I can usually appreciate the solitude of winter. The break it gives me from working on outside projects. The way choosing a movie day over running errands doesn’t inflict guilt but seems satisfying and soulful. I love my summers, but summer doesn’t give me a break, doesn’t whisper- just stay inside today! It’s too cold and windy out there! But this winter- oh, this winter…there have been no whispers, no gentle nudging to stay indoors. Oh no! This winter has pretty much held me hostage! With its ridiculous cold days and negative wind chills and constant snowing and blowing and icing and drifting…I am shocked and surprised I have driven anywhere. And yet I can vividly recall some images of winter that I witnessed on these commutes.
A few Sundays ago I drove to an open house in a feather-like blizzard. The kind where the snowflakes are big and soft and they turn the sky a linen grey. I witnessed the vastness of a white cornfield, a few stalks still protruding through the snowcover. In this world of white, obscurred by a steady snowfall, a single stark black crow flew between me and the road ahead and landed on a stubby stalk in the field. The crow, which is known for being gawky and large, seemed to float through the blizzard so gracefully. It was a beautiful image, a quiet moment in a Wisconsin winter morning, when all the other birds were hiding from the storm.
Likewise, I drove home from my office the other night around sun down. We hadn’t really seen the sun all day but the snow that had plagued our afternoon had finally stopped, and by the time I reached my road to turn, the fields had gotten dark, almost as if they were dipped in a navy glaze. And that is when I noticed them- five deer huddled together, staring at me.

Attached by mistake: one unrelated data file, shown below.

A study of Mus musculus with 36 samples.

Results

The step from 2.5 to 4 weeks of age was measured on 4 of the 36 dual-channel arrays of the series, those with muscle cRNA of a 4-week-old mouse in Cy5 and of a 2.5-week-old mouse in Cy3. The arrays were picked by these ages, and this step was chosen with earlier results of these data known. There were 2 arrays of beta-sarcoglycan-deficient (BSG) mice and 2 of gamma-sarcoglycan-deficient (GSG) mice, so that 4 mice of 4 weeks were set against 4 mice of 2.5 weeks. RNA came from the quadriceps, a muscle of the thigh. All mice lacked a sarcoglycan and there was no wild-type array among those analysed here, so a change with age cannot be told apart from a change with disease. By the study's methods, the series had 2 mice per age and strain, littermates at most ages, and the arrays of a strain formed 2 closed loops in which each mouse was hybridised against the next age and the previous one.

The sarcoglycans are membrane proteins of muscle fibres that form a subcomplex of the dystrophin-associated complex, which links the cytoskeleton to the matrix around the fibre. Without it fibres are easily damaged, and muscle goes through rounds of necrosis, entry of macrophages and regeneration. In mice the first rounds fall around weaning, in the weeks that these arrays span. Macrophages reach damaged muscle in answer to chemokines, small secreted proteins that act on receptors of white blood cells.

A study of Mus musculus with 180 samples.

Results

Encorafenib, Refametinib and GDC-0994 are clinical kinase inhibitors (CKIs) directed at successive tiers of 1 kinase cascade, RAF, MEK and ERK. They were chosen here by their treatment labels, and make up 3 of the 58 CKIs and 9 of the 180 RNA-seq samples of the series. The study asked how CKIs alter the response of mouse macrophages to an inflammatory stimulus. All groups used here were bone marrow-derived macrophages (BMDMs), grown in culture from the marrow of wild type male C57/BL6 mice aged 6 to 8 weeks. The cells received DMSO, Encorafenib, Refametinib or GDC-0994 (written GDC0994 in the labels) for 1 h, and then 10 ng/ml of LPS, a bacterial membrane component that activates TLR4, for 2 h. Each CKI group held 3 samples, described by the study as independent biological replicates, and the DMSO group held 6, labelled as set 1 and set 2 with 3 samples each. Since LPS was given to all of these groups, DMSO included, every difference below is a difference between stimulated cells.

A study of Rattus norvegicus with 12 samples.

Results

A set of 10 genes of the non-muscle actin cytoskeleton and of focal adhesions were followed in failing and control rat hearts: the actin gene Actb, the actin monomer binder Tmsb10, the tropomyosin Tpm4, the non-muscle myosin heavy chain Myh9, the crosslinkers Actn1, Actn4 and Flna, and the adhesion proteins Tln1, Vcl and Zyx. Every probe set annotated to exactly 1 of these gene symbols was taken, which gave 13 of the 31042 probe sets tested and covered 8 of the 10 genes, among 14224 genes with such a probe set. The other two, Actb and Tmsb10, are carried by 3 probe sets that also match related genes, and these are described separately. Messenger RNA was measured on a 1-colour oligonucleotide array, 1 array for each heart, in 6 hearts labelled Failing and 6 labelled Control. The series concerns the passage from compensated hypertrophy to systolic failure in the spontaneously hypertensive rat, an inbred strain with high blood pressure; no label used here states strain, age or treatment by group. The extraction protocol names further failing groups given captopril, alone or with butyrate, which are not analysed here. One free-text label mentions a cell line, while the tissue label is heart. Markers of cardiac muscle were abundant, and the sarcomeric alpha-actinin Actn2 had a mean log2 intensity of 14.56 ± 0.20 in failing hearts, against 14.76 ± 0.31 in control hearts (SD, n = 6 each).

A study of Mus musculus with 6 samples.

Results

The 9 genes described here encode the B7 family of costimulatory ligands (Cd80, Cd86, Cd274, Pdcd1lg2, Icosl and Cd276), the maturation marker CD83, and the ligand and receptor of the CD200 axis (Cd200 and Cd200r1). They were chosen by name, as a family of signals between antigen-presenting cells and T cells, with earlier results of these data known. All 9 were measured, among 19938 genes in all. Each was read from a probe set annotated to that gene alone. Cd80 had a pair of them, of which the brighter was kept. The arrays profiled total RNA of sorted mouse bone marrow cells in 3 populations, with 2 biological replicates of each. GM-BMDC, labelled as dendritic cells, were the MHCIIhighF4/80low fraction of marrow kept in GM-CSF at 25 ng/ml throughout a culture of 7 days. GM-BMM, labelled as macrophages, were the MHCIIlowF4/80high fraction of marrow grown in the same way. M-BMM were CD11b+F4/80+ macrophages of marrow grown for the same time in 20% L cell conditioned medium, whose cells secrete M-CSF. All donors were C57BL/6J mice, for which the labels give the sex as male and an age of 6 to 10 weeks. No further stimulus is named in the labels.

Now, it is not uncommon to spot deer at this juncture near our home, they hang out there quite a bit. But their outlines in the dusk, contrasted by a teal blue snow that almost glowed around them, was quite beautiful. It was as if they had found the last spot of light in the field and they were standing in it together waiting to be plunged into the darkness of night.
I slowed my vehicle, silently praying they wouldn’t run out, and they suddenly spooked, sensing perhaps that I had been watching them too long, and they were not invisible if they stood perfectly still. They all kicked up their heels and ran in the opposite direction away from me, into the fading light and the hush of the snow. These images remind me that there is still beauty in the most trying of times. There is still a wonder to winter that no other season can possess. And although I’d love to throw in the towel and tell winter we’re breaking up, it wins me back. It gives me images carved out of long nights and winter white. Two things I thought I’d change, but now realize are just right.